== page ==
FIRST EVER FEMALE SPACE SHUTTLE COMMANDER NAMED
On March 5th, First Lady Hillary R. Clinton announced that astronaut Eileen Collins (Lt Col U.S. Air Force) will become the first woman ever to command a shuttle mission. Collins, who previously piloted two other shuttle missions in Febuary and May of 1997, will command the shuttle Columbia on its December 1998 mission to deploy the Advanced X-Ray Astrophysics Facility, or AXAF.
DUST AND SOIL EXPERIMENT CHOSEN FOR MARS 2001 MISSION
Potiential hazards from the soil and dust of Mars will be studied extensively by one of two experiments choosen for the Mars 2001 lander. The experiment, the Mars Enviornmental Compatibility Assessment, or MECA, will sample the soil and mix it with water to investigate such topics as the acidity or alkalinkity of the soil, the potential for oxidization, and the presence of toxic dissolved ions on Mars. The 2001 Mars missions represent the first step in an agency initiative to fly experiments supporting NASA’s Human Exploration and Development of Space program on robotic exploration missions carried out by NASA’s Office of Space Science. The 2001 lander is scheduled to launch in April 2001, while its companion orbiter spacecraft is set to launch approximately one month earlier.
ASTRONOMERS FIND KUIPER OBJECTS HAVE TWO FACES
The March 5th issue of the science journal, Nature, reports that at least two different types of surfaces exist among the some 60 Kuiper Belt objects discovered so far. One group exhibits a neutral color while a smaller group is reddish in color. Why there is a difference in color is a mystery to astronomers, who thought that all the Kuiper objects had roughly similar surface colors. The Kuiper Belt is believed to be the source of various short period comets. (Comets with orbits of no longer than a hundred years or so.) The first of the Kuiper Belt objects was discovered in 1992 by astronomers Dave Jewitt and Jane Luu. These objects are of various sizes somewhat like that of the width of Oaklahoma.
NASA scientists declared a definite end to the Mars Pathfinder mission on March 10, 1998. Mission controllers at the Jet Propulsion Laboratory in Pasadena, California attempted one final attempt to communicate with the Pathfinder lander and Sojourner rover, after several months of inactivity. Controllers spent nearly four hours alternately commanding the lander to turn on its transmitter, then listening for a response via NASA’s Deep Space Network’s 34-meter antenna at Goldstone, California. No transmissions from Pathfinder were detected, and no further attempts will be made to communicate with Pathfinder
X-38 ATMOSPHERIC VEHICLE COMPLETES FIRST UNPILOTED FLIGHT TEST
Development of the X-38 atmospheric test vehicle passed a major milestone on March 12, 1998 with a successful first unpiloted flight test. The vehicle, planned for use as a future International Space Station emergency crew return “lifeboat,” was dropped from under the wing of a NASA B-52 aircraft at the Dryden Flight Research Center in California and completed a descent from a 23,000 foot altitude. The test focused on the use of the X-38’s parafoil parachute, which successfully guided the vehicle to landing. Atmospheric drop tests of the X-38 will continue for the next two years using three increasingly complex test vehicles. The drop tests will increase in altitude to a height of 50,000 feet and include longer flight times for the test craft prior to deploym ent of the parafoil. In 2000, an unpiloted space test vehicle is planned to be deployed from a Space Shuttle and descend to a landing. The X-38 crew return vehicle is targeted to begin operations aboard the International Space Station in 2003.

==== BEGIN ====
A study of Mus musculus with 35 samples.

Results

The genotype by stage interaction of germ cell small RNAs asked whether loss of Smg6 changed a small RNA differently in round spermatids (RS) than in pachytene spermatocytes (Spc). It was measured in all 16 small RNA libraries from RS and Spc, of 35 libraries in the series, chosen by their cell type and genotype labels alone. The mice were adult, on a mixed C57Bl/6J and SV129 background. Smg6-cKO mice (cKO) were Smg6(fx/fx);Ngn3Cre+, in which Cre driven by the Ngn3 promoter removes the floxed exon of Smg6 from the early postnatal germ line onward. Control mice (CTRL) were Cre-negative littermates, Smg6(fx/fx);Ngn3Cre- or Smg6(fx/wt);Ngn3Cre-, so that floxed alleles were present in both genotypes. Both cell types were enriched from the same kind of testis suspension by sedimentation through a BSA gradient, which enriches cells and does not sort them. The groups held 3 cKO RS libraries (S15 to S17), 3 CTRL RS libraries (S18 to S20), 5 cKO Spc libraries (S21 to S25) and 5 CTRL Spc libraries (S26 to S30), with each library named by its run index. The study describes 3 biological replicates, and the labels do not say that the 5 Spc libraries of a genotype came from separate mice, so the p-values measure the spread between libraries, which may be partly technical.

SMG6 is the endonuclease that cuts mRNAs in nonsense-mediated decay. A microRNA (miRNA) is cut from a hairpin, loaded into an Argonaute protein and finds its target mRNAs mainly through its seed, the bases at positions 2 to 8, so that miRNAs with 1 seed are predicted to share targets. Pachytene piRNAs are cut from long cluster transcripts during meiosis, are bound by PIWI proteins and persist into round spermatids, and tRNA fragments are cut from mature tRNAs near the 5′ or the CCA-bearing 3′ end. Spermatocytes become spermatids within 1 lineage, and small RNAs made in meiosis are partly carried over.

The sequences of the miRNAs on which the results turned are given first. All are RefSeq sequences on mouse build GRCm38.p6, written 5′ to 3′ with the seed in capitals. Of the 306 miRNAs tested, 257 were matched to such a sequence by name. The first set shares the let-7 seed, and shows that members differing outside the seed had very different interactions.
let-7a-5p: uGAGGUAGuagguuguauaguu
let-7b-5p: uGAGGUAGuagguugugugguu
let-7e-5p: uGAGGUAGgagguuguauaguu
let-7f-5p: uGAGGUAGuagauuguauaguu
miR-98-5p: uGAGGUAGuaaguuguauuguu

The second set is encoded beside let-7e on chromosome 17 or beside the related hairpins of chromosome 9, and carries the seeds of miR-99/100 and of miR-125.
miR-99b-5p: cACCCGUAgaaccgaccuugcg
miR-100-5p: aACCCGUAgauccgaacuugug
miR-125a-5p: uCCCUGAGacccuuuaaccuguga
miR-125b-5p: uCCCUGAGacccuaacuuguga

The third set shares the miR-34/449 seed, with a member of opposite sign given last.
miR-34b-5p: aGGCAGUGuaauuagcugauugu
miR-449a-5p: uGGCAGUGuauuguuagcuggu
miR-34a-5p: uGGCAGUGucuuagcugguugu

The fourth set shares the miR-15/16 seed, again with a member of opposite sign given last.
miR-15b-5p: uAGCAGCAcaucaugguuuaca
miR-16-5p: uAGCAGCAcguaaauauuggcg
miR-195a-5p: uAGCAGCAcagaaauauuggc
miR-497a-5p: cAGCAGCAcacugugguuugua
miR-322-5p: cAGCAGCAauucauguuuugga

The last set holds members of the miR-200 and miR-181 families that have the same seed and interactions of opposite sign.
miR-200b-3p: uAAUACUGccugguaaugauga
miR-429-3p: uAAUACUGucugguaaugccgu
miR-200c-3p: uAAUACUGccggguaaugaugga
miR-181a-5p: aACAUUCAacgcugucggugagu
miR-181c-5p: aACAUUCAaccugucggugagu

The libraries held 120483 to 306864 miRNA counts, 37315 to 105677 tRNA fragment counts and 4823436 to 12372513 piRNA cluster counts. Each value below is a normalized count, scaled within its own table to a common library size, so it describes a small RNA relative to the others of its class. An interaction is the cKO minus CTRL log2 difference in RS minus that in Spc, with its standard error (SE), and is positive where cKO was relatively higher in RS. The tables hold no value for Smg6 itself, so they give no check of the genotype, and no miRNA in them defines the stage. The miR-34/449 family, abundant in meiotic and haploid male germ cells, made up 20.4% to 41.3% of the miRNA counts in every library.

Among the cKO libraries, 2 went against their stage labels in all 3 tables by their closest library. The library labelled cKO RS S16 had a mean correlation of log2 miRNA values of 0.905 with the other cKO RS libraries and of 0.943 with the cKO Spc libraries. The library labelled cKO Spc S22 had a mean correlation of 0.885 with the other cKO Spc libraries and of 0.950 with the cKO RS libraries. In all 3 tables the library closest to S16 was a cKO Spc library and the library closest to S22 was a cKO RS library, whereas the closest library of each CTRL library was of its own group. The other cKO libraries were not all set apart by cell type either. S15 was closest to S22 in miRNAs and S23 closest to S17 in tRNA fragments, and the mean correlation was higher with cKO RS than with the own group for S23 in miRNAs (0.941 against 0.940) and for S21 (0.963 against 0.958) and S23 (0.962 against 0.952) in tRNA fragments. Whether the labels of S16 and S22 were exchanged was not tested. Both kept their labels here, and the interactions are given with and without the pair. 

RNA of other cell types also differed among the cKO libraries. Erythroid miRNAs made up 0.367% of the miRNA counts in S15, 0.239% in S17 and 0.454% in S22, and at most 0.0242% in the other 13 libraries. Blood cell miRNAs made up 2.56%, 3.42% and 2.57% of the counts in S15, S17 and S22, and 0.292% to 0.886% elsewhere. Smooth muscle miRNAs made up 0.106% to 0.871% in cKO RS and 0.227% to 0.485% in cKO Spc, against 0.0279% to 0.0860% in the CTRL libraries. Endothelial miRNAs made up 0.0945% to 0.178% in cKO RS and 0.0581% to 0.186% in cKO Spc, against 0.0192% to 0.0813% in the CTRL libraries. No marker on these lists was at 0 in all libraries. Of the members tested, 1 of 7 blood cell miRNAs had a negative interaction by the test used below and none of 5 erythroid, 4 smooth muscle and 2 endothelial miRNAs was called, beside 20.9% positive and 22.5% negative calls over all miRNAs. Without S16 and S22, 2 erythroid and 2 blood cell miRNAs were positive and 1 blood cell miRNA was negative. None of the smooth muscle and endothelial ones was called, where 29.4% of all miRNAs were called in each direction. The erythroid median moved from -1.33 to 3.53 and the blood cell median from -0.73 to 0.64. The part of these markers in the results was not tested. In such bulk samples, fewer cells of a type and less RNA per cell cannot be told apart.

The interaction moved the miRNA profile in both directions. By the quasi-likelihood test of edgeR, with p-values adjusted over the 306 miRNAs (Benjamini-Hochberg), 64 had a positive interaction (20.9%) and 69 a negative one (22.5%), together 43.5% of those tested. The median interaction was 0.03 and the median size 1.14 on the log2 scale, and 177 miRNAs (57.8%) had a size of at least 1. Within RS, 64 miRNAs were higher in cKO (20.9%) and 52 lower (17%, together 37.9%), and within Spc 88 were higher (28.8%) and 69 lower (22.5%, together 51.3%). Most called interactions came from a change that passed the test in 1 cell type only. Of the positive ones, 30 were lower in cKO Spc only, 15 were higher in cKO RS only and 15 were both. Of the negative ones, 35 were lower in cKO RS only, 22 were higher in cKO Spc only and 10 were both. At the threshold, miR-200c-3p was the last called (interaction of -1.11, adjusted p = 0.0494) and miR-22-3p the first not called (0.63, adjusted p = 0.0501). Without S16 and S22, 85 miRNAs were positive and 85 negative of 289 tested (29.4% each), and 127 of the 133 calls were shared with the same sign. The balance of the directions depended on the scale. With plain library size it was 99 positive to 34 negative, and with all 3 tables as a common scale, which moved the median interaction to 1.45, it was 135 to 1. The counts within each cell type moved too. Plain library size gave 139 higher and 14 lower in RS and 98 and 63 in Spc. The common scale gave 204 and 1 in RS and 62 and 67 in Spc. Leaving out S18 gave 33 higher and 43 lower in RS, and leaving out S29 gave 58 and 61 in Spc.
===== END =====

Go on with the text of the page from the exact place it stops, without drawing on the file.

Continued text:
COMET HALE-BOPP HOLDS CLUES TO CREATION OF COMET ICES
An astronomy research team at the University of Massachusetts released findings on March 12, 1998 that suggest that comet ices are created inside huge interstellar clouds of gas, dust and ice. Based on evidence from last year’s passage of Comet Hale-Bopp, the team’s findings contradict current theories of comet formation, which had held that comet ices form in the outer regions of the solar system, where comets themselves are formed. Researchers measured the ratio of deuterium ions in hydrogen cyanide mol ecules emitted by Hale-Bopp to be consistent with that of hydrogen cyanide molecules in interstellar or protostellar clouds. The team’s findings also cast doubt on current theories of the formation of the solar system, concluding that the temperature of the interstellar cloud that formed the solar system could not have been colder than 30 degrees Kelvin, a temperature considerably higher than scientists previously believed.
DISCOVERY HELPS PROVE IMPACT THEORY
Researchers found more evidence of an impact 65 million years ago that lead to the end of dinosaur dominance over the earth. Around the rim of the Chicxulub crater, off the coast of Yucatan, Mexico, a Jet Propulsion Laboratory and Geo Eco Arc Research team found ejecta that had been fluidized by what is believed to have been a 6-to-8 mile wide asteroid or comet. The fluidized ejecta lobes are very rare on Earth, but not so on the planet Mars where the surface has been virtually unchanged for billions of years. In addition to lending credence to the impact-extinction theory, the find could give scientists a glimpse of objects that may be found on a future robotic or manned mission to the red planet.